Steve Rushin
October 08, 2012
FOLK HERO, TWO-TIME SUPER BOWL REF, OWNER OF THE MOST FAMOUS GUNS IN THE NFL. THEN ALONG CAME THE LOCKOUT AND ED HOCHULI BECAME SOMETHING ELSE, AT LEAST IN THE TWITTERSPHERE: THE MOST IMPORTANT MAN IN FOOTBALL

American Zebra

FOLK HERO, TWO-TIME SUPER BOWL REF, OWNER OF THE MOST FAMOUS GUNS IN THE NFL. THEN ALONG CAME THE LOCKOUT AND ED HOCHULI BECAME SOMETHING ELSE, AT LEAST IN THE TWITTERSPHERE: THE MOST IMPORTANT MAN IN FOOTBALL


In that same NFC title game last January, Hochuli's tongue could not locate the word indisputable, as in indisputable video evidence. He finally settled on a rarefied legal term—"uncontroverted"—that sent a nation to its law dictionaries and the video, of course, to YouTube.

All of which makes Hochuli endearingly human in a way that Hochules never could be. He likes to walk the dogs with Cathie, his wife of 2½ years. ("That's an old-guy thing to do, isn't it?" he sighs.) Asked what kind of dogs he has, he is tempted to go off the record: "I should have two Dobermans, right? We have two little lapdogs. Shih Tzus. Sadie and Sophie."

"He's a total science-fiction nerd who goes to Comic-Con every year, listens to science fiction podcasts and waited in line overnight to [attend a panel discussion by the cast members of Lost]," says Shawn Hochuli, laughing but not kidding. "I'm surprised he didn't tell you any of this."

So let's sing of a man and the arms, in that order. For it's the man who radiates through the television screen a sense of justice and fair play. As a lawyer, Hochuli still goes to trial three or four times a year, and prospective jurors are always asked if they have any knowledge of his other profession. One man confessed that he was so certain of Hochuli's integrity as a ref that he'd be inclined to believe anything that Hochuli said in the courtroom. That juror was duly dismissed—which might have been his goal all along—but still: On a football field Hochuli exudes righteous impartiality. His unusual surname, after all, derives from Switzerland, land of neutrality.

Through no doing of his own, but rather through a deep national longing, Hochuli became the human face of locked-out officials, "more famous for not working than he ever was for working," as Markbreit says. When the lockout ended last week, 49ers receiver Randy Moss tweeted, "Just found out Ed Hochuli and the boys are back!" Years ago, a fan approached him at Phoenix's Sky Harbor Airport and asked, "Are you Ed Hochuli?" Hochuli shook hands with Charles Barkley.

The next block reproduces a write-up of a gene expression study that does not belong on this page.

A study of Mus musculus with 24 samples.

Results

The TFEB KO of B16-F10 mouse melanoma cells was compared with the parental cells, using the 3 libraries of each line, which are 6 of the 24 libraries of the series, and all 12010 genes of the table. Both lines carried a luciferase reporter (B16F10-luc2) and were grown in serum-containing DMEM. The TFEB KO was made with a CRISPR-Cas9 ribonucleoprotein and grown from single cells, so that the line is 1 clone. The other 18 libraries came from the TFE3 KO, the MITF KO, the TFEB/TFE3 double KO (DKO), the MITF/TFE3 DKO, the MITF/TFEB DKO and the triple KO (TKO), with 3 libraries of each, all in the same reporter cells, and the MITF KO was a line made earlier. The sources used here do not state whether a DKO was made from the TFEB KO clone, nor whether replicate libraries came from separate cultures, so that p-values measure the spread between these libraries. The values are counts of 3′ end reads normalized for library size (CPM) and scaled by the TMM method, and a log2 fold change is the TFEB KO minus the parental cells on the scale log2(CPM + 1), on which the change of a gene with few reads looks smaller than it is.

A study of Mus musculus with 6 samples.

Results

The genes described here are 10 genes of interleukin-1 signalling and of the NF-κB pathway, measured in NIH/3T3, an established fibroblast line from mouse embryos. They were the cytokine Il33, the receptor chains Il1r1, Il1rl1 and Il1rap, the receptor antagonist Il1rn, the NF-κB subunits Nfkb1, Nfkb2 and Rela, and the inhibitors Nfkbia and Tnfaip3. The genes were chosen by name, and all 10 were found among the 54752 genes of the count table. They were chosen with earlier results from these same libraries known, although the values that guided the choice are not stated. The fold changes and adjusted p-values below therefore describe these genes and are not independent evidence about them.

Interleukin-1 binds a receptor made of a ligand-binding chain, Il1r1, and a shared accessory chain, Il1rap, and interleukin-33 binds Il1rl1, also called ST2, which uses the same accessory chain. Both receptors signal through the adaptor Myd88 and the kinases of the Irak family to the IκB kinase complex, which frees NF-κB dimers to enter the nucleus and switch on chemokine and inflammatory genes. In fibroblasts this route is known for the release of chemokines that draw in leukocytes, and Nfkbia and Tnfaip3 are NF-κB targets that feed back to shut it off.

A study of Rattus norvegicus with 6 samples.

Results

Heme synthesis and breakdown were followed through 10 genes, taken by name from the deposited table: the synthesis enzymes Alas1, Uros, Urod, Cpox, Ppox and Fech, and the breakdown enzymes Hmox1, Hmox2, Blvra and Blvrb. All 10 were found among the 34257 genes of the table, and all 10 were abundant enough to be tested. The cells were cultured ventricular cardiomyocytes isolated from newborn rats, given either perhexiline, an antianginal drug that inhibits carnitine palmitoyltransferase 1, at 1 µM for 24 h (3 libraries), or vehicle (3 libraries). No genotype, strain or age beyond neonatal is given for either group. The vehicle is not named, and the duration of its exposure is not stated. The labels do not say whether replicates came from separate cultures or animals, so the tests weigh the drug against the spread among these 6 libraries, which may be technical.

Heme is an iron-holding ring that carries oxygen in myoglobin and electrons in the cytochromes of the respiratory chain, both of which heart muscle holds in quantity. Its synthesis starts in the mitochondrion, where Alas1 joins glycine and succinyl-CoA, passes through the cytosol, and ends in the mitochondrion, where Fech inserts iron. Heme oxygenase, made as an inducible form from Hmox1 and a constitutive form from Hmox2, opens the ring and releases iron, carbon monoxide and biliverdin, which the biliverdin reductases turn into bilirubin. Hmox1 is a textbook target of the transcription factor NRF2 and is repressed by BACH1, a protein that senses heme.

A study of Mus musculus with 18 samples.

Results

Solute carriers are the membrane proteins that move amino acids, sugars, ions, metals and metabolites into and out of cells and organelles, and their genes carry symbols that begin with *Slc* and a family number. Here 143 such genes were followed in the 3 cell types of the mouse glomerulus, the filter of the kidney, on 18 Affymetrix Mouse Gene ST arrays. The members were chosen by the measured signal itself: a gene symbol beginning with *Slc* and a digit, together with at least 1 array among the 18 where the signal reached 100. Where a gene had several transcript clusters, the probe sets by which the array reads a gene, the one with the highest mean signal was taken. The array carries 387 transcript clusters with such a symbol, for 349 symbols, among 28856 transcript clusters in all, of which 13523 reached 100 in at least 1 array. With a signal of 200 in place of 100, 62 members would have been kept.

All Ed Hochuli ever wanted to be was a lawyer, he says, just like his dad, Walter, who moved the five Hochuli children from Milwaukee to Tucson when Ed was eight. "I was never a kid who pretended he was Babe Ruth," he says. "I never said, 'I want to be famous; I know what I'll do: I'll referee Pop Warner football games—that'll get me trending on Twitter.'"

Forty years ago, a high school coach in Tucson named Dean Metz told a recent college graduate that refereeing was a great way to stay involved in football and also to earn some extra cash. The young man, newly married, started reffing four Pop Warner games every Saturday morning for 50 bucks a week. "I was instantly hooked," Hochuli says. "It was the internal challenge to be right."

Pop Warner led to high school, which led to junior college, which led to a back-judge job in the Pac-10. Finally, in the spring of 1990, after a league psychologist interviewed him for five hours, Hochuli had a job in the NFL.

In his first game, in Green Bay, he was, like every new official, astonished by the speed of professional players. That preseason night at Lambeau Field, Hochuli threw his first NFL flag, for pass interference. While the hankie was still tracing its majestic yellow arc, the rookie back judge had a terrible epiphany: That isn't pass interference in the NFL. Unable to catch the flag, he pretended it was never thrown, retrieving the marker and stuffing it back into his pocket like an airbag that had accidentally deployed.